By Katie Hennessey

In 2018, 68 homeless individuals died on the streets of San Antonio. Brenda Mascorro, executive director of the South Alamo Regional Alliance for the Homeless (SARAH) shared that sobering statistic with the crowd of volunteers gathered to help ensure this doesn’t happen again.

“That’s 68 community members,” Mascorro emphasized. With tears in her eyes, she continued, “We have to take steps to combat this number. So, we are starting today.”

Students and staff gathered for the night's PIT Count. Silhouettes against a dark sky.

Street Medicine team gather information during the PIT Count night.

On a single evening in January, major cities attempt to wrap their heads around the scope of homelessness in their area through the annual Point-in-Time (PIT) Count. The census, mandated by the Department of Housing and Urban Development, helps policymakers and program administrators effectively plan services toward the goal of ending homelessness. In San Antonio, SARAH conducted this survey alongside the San Antonio Police Department and about 400 volunteers from area agencies and organizations.

Among the partners at this year’s PIT Count was Street Medicine San Antonio (SMSA), a non-profit organization established in 2018 by UIW School of Osteopathic Medicine (UIWSOM) associate professor Dr. Hans Bruntmyer and 35 UIWSOM students to bring medical services to those living on the streets without medical insurance or access to primary care.

This evening’s PIT Count was the Street Medicine team’s first step in taking classroom knowledge of treating the homeless to clinically applying basic medical services in the streets.

First-year student, Holy Chou and second-year student, Alyssa Mathew- Joseph gathered at the rally point with their group of four volunteers and San Antonio Police Department Officer Johnny Perez. The team viewed the encampment points on their route and set out to neighborhoods on the near Westside of downtown, between Highway 90 and Culebra Road.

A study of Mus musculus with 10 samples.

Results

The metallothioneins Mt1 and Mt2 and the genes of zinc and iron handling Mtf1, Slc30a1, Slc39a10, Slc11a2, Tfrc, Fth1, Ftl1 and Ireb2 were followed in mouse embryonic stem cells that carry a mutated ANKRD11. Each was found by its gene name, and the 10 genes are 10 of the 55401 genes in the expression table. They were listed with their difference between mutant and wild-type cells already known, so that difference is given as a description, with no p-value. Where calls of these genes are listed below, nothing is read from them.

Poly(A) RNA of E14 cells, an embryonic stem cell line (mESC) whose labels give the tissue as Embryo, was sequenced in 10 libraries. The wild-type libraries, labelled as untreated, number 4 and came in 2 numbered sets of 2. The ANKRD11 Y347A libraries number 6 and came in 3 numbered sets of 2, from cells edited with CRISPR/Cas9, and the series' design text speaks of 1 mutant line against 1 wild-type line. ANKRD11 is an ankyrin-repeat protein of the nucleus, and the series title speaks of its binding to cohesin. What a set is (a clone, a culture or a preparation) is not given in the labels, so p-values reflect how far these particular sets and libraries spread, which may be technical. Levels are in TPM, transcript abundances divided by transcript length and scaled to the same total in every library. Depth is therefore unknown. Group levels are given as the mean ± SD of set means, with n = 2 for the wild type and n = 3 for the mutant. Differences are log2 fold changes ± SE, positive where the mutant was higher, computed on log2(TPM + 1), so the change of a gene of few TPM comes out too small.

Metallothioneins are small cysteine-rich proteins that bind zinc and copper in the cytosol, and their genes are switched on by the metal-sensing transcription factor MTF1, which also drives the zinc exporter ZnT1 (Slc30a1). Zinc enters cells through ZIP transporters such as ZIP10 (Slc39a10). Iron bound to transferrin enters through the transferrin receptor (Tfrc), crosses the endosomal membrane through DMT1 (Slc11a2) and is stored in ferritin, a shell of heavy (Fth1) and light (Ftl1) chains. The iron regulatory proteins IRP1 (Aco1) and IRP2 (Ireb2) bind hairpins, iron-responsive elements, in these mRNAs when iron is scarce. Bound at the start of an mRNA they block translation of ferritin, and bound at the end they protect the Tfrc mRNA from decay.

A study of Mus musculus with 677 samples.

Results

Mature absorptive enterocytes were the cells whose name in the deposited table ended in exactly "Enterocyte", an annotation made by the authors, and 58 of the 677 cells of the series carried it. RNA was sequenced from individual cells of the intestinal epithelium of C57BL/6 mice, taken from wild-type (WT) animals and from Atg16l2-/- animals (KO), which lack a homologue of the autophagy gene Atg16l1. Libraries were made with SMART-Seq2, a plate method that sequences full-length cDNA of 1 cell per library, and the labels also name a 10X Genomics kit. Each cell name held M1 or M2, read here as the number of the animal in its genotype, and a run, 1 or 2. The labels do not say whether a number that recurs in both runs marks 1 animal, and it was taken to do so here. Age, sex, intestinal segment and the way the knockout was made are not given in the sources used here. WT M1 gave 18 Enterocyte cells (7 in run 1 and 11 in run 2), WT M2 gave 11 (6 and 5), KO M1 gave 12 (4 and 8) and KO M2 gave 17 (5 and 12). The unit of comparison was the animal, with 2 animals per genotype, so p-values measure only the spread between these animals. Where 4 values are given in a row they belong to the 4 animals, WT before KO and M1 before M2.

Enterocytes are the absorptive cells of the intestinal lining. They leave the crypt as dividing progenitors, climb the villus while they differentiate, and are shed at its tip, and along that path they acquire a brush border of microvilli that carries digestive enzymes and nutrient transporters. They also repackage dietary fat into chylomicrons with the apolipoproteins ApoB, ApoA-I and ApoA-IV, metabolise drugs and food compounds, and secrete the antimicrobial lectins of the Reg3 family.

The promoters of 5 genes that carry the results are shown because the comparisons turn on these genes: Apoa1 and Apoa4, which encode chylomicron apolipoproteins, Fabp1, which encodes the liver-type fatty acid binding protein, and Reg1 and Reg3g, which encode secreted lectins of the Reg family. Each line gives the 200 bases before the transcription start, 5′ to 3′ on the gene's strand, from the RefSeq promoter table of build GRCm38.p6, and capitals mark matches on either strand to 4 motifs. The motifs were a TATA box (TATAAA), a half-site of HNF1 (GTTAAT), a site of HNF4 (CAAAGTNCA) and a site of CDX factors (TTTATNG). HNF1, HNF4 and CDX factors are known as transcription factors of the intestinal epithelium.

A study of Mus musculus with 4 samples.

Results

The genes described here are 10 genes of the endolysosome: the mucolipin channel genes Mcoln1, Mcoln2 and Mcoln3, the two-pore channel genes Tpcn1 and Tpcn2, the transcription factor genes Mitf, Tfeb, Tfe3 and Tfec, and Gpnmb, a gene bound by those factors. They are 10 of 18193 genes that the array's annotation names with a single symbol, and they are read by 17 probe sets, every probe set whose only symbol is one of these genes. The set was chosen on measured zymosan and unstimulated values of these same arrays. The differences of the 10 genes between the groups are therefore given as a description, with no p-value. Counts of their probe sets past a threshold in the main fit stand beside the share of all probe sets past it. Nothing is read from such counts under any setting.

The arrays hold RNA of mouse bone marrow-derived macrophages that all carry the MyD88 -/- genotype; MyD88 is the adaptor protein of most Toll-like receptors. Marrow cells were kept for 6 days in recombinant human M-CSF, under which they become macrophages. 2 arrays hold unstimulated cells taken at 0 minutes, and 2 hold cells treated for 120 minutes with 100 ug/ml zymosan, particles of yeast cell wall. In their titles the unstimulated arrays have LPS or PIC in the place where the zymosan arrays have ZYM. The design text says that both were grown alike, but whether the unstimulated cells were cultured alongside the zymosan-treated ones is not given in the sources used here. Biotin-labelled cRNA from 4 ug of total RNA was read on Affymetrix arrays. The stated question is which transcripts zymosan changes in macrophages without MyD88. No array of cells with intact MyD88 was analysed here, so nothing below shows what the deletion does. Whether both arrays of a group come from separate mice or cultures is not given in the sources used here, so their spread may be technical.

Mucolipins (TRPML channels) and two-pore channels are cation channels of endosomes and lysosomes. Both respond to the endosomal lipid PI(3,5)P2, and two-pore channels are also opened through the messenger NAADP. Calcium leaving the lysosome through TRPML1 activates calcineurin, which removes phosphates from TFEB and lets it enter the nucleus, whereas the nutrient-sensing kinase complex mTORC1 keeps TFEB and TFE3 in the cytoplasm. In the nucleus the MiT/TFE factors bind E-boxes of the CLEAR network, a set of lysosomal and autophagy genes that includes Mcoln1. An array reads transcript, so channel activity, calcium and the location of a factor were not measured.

UIWSOM students pack their medical backpacks with essential supplies.

UIWSOM students pack their medical backpacks with essential supplies.

Proceeding along their designated route, they met a man carrying a large blanket and grocery bags with personal items. The students gave him a supply kit donated by Haven for Hope and a hygiene kit UIWSOM created through donated resources. “We’d like to ask you some questions if that’s okay,” Mathew-Joseph said. They asked the man how old he was, but he said he “wasn’t too sure of his age,” because he doesn’t celebrate birthdays anymore.

SMSA was able to add some of their own questions into this year’s PIT survey to identify medical needs of San Antonio’s homeless population for future outreach.

“When was the last time you went to the ER?” Matthew-Joseph said. “Like four months ago, I fell down a bridge and hurt myself. It was raining and I slipped,” he responded.

They asked if he had any other health problems.

“Yes, my leg,” he said, “When I was a kid I wore braces on my feet, but the kids would make fun of me and hit me, so I stopped wearing it, now my legs are crooked.”

The medical students were able to see that both of his feet were everted, or turned outward. In this case, they weren’t able to perform any medical treatment, but through the interaction, the students were able to build a relationship with their patient.

Two members of the PIT Count team take a person's blood pressure.

Two members of the PIT Count team take a person’s blood pressure.

Later, the students met a 38-year-old woman who wanted her blood pressure checked. While she sat down to receive the services, she shared her story of leaving home when she was young, and later becoming a victim of domestic violence.

Listening to people’s stories helps Mathew-Joseph to understand more about their situations and what they’ve encountered.

David Row, SARAH coordinated entry project manager, said SMSA’s participation was much needed. “A lot of folks who are out on the streets, they don’t have insurance, they don’t have contact with a primary care physician, or any kind of medical help until they get to an ER,” he said, “So, to have [them] out there actually engaging with the folks on the street, that’s great.”

San Antonio accounted for 3,066 individuals living on the street in sheltered and unsheltered conditions in 2018, they are hoping for that number to decrease in this year’s count.

SMSA plans to contribute to this effort by ensuring individuals receive the medical attention they need. Bruntmyer believes “being consistent [in the patients’ lives], building trust, like you would a friend,” is the key to this mission. Through patient relationship, SMSA will work to get San Antonio’s homeless population back into the health care system, “one patient at a time.”